Trust in supply chains | Deloitte Netherlands


Is your supply chain trustworthy?

Executives overestimate customer trust in supply chains

Executives can overestimate customer trust in their organizations’ operations. Here’s how they can close that gap to help build more reliable supply chains and enhance financial performance.

Supply chain executives significantly overestimate stakeholder trust in their supply chain capabilities and intentions according to a new Deloitte Insights survey report titled “Is your supply chain trustworthy?”. Of more than 1,000 executives from large global organizations, 89% who self-identified as leading suppliers said customers trust their supply chain operations. That while just 68% of roughly 500 customers said the same. In looking more closely at the divide between executives self-identifying as leading suppliers versus customer perceptions of supplier trust, the gap was highest when measuring reliability in supply chains, followed by humanity, transparency and capability.

Is your supply chain trustworthy?

 A research by the Deloitte Center for Integrated Research (CIR)


Trust is crucial for organizational resilience, growth and for navigating in the complex market conditions. But, building trust is not that easy. Supply chain leaders overestimate trust levels with customers, employees, and vendors. That while the supply chain ecosystem often must deal with disruptions; 77% of the surveyed leaders experienced disruptions in the last year. These disruptions lead to significant financial and reputational costs; over 6-10% loss of annual revenues and a damaged brand reputation. In addition, a disruption decreases trust from internal and external stakeholders. Strikingly, leading organizations working to identify and prioritize actions to enhance and build trust, have a better business performance. Here trust serves as a competitive differentiator.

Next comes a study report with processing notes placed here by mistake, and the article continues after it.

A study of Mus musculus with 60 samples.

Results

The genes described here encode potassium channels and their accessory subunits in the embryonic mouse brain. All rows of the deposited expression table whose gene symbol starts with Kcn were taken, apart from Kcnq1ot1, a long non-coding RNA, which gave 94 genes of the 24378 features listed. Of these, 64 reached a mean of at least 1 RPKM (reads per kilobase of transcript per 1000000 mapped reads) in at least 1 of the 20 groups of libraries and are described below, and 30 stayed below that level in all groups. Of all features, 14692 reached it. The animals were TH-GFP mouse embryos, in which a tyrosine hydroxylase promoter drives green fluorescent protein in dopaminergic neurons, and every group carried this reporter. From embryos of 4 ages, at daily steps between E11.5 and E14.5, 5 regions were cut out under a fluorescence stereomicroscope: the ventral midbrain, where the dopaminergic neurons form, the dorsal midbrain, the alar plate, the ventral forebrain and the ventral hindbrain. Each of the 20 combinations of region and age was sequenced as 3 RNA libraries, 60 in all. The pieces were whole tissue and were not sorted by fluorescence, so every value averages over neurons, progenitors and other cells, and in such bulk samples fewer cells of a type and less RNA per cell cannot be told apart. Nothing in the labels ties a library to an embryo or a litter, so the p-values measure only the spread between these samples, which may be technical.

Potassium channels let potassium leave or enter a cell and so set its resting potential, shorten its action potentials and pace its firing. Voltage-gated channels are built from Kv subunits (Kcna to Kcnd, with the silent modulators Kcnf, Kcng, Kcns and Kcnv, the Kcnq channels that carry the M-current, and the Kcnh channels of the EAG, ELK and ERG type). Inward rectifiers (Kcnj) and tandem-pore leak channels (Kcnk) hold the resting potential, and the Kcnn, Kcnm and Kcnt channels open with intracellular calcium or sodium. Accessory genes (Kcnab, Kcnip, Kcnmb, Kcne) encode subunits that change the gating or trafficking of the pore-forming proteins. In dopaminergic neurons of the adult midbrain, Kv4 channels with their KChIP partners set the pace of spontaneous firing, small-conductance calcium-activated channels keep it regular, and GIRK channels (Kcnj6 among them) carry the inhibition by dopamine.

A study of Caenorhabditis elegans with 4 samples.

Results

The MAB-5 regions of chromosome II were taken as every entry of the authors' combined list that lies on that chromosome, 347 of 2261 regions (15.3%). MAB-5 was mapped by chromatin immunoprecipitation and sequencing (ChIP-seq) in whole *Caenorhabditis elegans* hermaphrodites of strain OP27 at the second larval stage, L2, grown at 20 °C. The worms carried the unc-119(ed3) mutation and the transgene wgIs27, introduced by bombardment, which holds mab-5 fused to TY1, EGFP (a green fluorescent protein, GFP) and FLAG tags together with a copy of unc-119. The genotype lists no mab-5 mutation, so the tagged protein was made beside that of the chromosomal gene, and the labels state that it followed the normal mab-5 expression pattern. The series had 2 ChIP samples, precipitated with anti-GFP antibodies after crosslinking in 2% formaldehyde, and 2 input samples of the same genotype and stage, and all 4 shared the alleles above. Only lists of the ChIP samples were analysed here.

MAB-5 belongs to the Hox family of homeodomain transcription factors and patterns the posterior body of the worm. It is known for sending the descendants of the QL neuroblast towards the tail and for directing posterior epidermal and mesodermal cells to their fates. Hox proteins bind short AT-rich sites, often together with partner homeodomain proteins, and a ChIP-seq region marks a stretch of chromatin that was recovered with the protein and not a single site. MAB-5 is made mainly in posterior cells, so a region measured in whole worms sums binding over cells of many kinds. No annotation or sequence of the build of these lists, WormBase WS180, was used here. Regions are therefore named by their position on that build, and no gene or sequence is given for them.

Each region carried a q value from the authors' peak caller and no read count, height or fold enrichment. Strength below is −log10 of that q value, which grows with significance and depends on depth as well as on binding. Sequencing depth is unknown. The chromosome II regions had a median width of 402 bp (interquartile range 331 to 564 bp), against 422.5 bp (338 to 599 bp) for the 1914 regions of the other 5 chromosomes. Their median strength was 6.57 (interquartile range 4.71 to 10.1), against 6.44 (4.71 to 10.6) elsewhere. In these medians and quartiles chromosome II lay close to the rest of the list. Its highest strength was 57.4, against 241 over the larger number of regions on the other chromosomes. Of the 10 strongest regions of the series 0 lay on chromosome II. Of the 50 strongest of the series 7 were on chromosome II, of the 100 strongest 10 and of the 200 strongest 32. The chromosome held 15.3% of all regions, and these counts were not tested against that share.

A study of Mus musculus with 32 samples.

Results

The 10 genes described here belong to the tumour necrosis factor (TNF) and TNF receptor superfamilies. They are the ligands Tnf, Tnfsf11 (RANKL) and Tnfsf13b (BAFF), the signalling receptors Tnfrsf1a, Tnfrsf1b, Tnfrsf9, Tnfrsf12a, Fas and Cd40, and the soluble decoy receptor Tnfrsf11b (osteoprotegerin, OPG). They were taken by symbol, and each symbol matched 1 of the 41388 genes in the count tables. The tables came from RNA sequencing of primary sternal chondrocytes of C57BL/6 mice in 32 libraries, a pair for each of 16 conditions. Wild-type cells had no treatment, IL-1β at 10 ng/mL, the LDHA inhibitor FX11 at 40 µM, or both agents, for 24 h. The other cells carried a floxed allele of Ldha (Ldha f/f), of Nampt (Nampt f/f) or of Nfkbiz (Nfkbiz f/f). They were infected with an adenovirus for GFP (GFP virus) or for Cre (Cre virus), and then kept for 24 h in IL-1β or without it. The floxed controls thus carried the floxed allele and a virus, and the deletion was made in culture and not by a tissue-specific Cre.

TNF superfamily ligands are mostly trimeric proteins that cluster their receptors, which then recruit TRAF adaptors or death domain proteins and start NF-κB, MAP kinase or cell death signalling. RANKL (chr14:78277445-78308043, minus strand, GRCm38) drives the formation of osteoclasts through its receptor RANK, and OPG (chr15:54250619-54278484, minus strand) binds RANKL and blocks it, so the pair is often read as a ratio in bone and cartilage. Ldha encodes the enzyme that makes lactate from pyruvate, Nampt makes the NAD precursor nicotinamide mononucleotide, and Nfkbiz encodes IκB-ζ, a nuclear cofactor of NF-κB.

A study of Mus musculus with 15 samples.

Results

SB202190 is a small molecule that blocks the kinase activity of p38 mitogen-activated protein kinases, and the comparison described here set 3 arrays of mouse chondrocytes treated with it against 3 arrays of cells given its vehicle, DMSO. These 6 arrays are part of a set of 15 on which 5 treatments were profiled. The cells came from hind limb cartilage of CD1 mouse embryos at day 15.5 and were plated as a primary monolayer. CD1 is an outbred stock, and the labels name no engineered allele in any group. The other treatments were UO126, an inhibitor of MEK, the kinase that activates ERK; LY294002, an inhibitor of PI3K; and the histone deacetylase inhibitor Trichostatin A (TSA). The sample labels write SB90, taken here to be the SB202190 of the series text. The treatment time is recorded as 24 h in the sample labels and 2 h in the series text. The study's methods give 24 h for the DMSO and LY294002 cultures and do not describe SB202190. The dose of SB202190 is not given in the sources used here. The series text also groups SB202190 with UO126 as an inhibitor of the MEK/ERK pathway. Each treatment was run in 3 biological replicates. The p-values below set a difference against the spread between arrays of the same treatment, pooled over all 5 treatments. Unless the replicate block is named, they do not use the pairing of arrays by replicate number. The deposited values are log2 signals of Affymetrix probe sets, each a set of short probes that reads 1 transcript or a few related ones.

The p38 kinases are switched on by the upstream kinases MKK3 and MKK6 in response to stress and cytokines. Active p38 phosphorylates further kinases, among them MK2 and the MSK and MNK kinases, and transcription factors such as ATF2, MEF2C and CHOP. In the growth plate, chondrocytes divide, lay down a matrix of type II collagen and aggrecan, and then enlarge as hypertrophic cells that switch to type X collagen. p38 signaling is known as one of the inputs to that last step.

The supply chain trust gap

The research implies that the supply chain trust gap is far bigger than our responding executives seem to realize, suggesting there are blind spots in key areas their customers care about. From the customer perspective, many COVID-19 pandemic-era supply chain challenges remain unresolved, despite improvements executives have worked hard to achieve. Unfortunately, such wide gaps in trust indicators like reliability and transparency against pre-pandemic expectations stand to worsen as new supply chain risks emerge: nearly half (44%) of all supply chain executives surveyed expect to experience a supply chain shock in the next 24 months as a result of various external challenges including price volatility (46%), inflation (44%), resource shortages (e.g., labor and materials; 42% and 41% respectively), and geopolitical instability (32%). Executives ranked external challenges similarly across regions; however, those in North America were more likely to cite financial market instability and inflation as their primary challenge compared to Asia/Pacific (AP) and Europe/Middle East/Africa (EMEA) where price volatility was top of mind for supply chain leaders.

Closing the gap

With the potential for distrust to grow amid uncertain market conditions, it’s increasingly important that supply chain leaders find a way to shrink the gap. Leading organizations working to identify and prioritize actions most likely to enhance the reliability and predictability of their supply chains — ranging from developing a digital thread to investing in other, advanced technical capabilities to help earn stakeholder trust, enhance business performance, and serve as a competitive advantage.

Get in contact

Want to learn more about how to become more resilient and how to build a more reliable and trustworthy supply chains? Please do not hesitate to contact Frédérique Demenint  via their contact details below.

Read the full Deloitte Insights article on how to close the trust gap here.